There is absolutely no evidence to support Arizona Republican Governor Jan Brewer's series of inflammatory statements in the last two weeks that the majority of illegal Mexican immigrants entering Arizona are drug smugglers and hardened criminals and that beheadings are now occurring in Arizona.
Brewer's statements only hardens opposition to comprehensive immigration reform, which is absolutely necessary to protect the U.S. from a terrorist attack. The immigration chaos on the Mexican border is unnecessarily providing cover for our enemies.
In the midst of a tough Republican primary for governor, Brewer told Fox News in a June 17 interview with Greta Van Susteren "we cannot afford all this illegal immigration and everything that comes with it, everything from the crime and to the drugs and the kidnappings and the extortion and the beheadings..."
If anybody's lost their head in the Grand Canyon State, it's Brewer.
Contrary to Brewer's self-serving and untruthful statements designed to whip Arizonans into a racist frenzy as the election approaches, illegal immigration is declining and 85 percent of the aliens arrested along the border are seeking low-wage jobs in the United States and have no criminal background.
Last Thursday afternoon I visited the U.S. Customs and Border Patrol headquarters in Yuma, AZ and was presented with an entirely different assessment of conditions on the border by CBP public affairs officer Ken Quillen.
First, Quillen said the United States has made tremendous strides in reducing illegal immigration along the U.S.-Mexican border. In 2005, CBP arrested nearly 1.2 million illegal aliens along the Mexican border. That number dropped by 50 percent in 2009 to slightly over 556,000 and is expected to be down even more this year.
Conditions have improved even more dramatically in the Yuma sector, which stretches 126 miles east from this town in the far Southwestern corner of the state. Last year, CBP arrested 6,900 illegal aliens, a precipitous decline from 138,000 in 2005.
Quillen said tripling the number of CBP agents, erecting triple fencing in urban areas, adding surveillance cameras and aggressive prosecution of illegal aliens by the local federal magistrate in Yuma County are credited for the reduction in illegal immigration.
Despite Brewer's irresponsible claims, illegal immigration is getting better, not worse.
Second, Quillen said wannabe lettuce pickers, landscapers, hotel workers and other low-wage job seekers make up about 85 percent of the illegal immigrants caught at the border. These nonviolent immigrants, Quillen said, are a huge distraction in the CBP primary mission to secure the border from terrorists and hardened criminals.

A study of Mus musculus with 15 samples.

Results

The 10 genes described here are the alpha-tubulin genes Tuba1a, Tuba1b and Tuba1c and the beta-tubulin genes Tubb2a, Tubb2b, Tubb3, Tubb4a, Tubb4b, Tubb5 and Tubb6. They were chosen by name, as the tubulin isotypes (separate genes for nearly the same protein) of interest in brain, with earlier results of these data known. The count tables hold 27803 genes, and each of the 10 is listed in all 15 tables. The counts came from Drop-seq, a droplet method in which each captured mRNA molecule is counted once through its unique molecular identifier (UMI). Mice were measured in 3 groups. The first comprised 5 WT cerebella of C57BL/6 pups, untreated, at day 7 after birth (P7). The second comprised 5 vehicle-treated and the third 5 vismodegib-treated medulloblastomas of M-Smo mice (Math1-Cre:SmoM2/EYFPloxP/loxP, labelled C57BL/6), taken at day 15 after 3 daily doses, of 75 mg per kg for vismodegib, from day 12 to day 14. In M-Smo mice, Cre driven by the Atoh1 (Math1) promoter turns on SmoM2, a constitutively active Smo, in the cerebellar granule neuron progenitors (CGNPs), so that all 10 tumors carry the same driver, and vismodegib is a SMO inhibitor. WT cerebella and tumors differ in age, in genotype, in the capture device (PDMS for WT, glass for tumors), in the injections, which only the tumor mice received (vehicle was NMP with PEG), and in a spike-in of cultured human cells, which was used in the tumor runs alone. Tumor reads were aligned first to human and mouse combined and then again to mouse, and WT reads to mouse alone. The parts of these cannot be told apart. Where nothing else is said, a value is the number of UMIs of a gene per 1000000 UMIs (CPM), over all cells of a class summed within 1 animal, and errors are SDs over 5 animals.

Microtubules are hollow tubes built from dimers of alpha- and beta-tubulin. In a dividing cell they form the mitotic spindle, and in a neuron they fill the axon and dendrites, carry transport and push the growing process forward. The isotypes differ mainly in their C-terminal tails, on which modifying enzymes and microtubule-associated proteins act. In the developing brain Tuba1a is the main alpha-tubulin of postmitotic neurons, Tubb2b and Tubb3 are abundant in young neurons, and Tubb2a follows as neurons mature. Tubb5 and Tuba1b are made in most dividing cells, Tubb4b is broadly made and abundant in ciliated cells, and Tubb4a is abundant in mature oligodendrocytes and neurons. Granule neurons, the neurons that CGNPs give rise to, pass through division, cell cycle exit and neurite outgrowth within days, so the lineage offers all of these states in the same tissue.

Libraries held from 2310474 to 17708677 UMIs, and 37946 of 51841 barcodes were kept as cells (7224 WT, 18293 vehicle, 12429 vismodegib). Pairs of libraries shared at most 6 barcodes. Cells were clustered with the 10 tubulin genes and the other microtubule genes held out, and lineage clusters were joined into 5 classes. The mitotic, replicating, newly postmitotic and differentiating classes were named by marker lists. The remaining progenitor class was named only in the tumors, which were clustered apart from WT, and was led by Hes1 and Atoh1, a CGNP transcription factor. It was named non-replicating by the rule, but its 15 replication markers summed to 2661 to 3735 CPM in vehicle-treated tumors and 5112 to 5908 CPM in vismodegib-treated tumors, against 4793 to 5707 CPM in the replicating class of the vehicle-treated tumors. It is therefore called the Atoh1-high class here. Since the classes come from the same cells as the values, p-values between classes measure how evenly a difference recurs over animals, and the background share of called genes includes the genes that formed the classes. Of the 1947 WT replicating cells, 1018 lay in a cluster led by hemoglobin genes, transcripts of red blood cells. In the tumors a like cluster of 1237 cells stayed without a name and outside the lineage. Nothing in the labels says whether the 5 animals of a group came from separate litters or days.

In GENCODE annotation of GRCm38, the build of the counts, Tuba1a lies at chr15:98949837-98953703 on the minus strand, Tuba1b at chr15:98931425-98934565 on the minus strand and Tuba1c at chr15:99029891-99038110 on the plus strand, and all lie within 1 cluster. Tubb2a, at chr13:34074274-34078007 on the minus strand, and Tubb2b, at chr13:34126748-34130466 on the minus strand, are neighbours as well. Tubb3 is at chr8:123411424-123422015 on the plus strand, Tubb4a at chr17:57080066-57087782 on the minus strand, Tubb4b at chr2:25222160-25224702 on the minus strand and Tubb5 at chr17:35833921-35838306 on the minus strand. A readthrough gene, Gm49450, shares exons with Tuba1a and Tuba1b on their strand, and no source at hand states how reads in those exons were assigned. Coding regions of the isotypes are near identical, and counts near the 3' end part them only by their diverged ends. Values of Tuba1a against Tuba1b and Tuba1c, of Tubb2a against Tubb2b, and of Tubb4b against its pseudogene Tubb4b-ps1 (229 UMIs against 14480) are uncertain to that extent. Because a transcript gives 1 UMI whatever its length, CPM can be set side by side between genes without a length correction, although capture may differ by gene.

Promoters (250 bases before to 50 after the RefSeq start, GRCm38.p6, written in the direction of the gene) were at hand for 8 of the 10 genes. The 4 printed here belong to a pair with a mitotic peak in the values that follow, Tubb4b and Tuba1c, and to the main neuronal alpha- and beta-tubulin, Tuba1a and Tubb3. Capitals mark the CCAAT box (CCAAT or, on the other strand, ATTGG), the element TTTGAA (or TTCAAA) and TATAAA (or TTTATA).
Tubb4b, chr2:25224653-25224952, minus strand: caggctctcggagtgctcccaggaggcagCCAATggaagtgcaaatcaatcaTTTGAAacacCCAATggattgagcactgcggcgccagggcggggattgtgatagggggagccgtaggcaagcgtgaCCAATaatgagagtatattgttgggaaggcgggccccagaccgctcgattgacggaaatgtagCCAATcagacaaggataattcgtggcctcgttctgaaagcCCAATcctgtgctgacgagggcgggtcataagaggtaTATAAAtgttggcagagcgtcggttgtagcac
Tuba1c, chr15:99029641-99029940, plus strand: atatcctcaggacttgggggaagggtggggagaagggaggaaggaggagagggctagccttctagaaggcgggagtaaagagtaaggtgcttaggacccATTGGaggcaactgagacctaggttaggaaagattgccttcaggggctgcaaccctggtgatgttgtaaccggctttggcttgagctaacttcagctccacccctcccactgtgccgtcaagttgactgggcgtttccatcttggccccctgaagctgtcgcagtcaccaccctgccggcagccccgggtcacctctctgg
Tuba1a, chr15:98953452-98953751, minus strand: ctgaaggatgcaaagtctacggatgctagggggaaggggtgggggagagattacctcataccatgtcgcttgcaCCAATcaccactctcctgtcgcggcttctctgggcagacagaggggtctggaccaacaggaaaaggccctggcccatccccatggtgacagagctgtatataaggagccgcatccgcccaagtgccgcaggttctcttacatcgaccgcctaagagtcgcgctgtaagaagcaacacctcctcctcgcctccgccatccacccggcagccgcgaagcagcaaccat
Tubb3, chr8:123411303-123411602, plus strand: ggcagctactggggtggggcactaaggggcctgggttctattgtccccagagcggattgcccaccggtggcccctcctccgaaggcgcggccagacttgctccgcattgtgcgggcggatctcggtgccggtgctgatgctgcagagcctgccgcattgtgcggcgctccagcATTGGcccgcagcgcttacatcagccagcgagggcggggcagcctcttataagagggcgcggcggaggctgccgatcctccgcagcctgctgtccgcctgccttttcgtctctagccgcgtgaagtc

CBP officials consider job-seeking immigrants to be "clutter" that gets in the way of their primary mission to protect the U.S. from serious danger.
It is clearly a matter of national security to immediately pass comprehensive immigration reform that will allow for an orderly flow of low-wage and fully documented workers to enter and leave this country to meet economic conditions.
A documented immigrant workforce, combined with strict employer sanctions, would go along way to reducing the chaos and underground economy associated with illegal immigration.
The U.S. could also generate significant revenue by charging up to $3,000 for temporary work visas that would assure legal documentation of immigrants and allow tracking once they enter the United States.
Many illegal immigrants are already paying this amount and more to coyotes, who often exploit the workers for more money once they arrive in the U.S.
Contrary to Brewer's contortions, human traffickers inflict the vast majority of their crimes against their cargo of immigrants, not against U.S. citizens.
As long as fear mongers like Brewer -- and this includes Senator John McCain who is refusing to support comprehensive reforms -- continue to misrepresent the facts about illegal immigration, the United States will remain more vulnerable to terrorist attack and less secure.
The United States needs an economic solution to what essentially is an economic problem. And we need it now.